Nearly one year after Glendale voters approved a $270-million technology-focused school bond, they can now see evidence of the investment in classrooms.
On Monday, Glendale Unified kicked off a second consecutive week of technology training for its teachers, handing out dozens of new Mac laptops during a professional development session that officials say will directly impact classroom instruction.
“It is a tool, and if we don’t know how to use a tool effectively, it doesn’t do us any good,” Deputy Supt. John Garcia said of the training session.
This year, the district purchased 300 laptops for teacher use with Measure S dollars, officials said. An additional 600 computers will be in Glendale Unified classrooms by the end of the 2012-13 school year. In total, the district expects to invest $1.75 million in computers during the next three years.
And earlier this month, the Glendale Unified school board approved technology allocations to each individual school site that breaks down to $50 per student, or a total of $1.3 million, officials said.
The laptops are among the first big-ticket items funded by Measure S, a school bond passed by local voters in April 2011. Others include a $24-million overhaul of College View School, approved by the school board on March 6.
The distribution of technology resources is being prioritized based on need, with the schools with the most outdated equipment at the top of the list for replacements.
Teachers participating in the first wave of laptop disbursements self selected, agreeing to attend technology-focused professional development sessions in exchange for the hardware, Garcia said.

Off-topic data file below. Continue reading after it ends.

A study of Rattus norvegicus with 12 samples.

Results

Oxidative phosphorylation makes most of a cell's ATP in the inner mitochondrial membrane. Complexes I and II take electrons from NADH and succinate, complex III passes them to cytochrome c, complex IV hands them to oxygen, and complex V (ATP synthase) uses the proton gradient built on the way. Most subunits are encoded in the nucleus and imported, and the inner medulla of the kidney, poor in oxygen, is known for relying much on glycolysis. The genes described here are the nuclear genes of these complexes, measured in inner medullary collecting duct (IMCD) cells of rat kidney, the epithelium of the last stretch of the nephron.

During a day-long training Monday at the Pacific Avenue Education Center, members of the district’s information technology department guided three dozen teachers through the set-up and basic functions of their new MacBook Pro laptops. They also reviewed security protocols, data-tracking software and online teacher resources.
Stephanie Boulware, a fifth-grade teacher at Monte Vista Elementary School, said her colleagues and parents on her campus have made technology education a priority. Students are already tasked with creating projects using programs such as Keynote and GarageBand, as well as writing and producing their own podcasts.
Still, she was working on a five-year old machine, which in computer speak is “ancient,” she said.
“I am just looking for ways to enhance the kids’ education, to be able to quickly find a video that I want and make things on the computer that the kids can say, ‘Oh, I can do that too,’” Boulware said.
Other teachers said the new equipment and training will introduce them to a wide range of new resources.
“It is just exciting to know that there is a lot more technology out there that you can use to make lessons plans much more interesting for the kids,” said Cindy Kim, who teaches sixth grade at Monte Vista.
Equally exciting is being able to impart her new computer skills to her students, Kim added.
“It has turned into such a technology-based world,” Kim said. “Something small, like researching — if kids don’t know how to do that, it is really hard to get through everyday life.”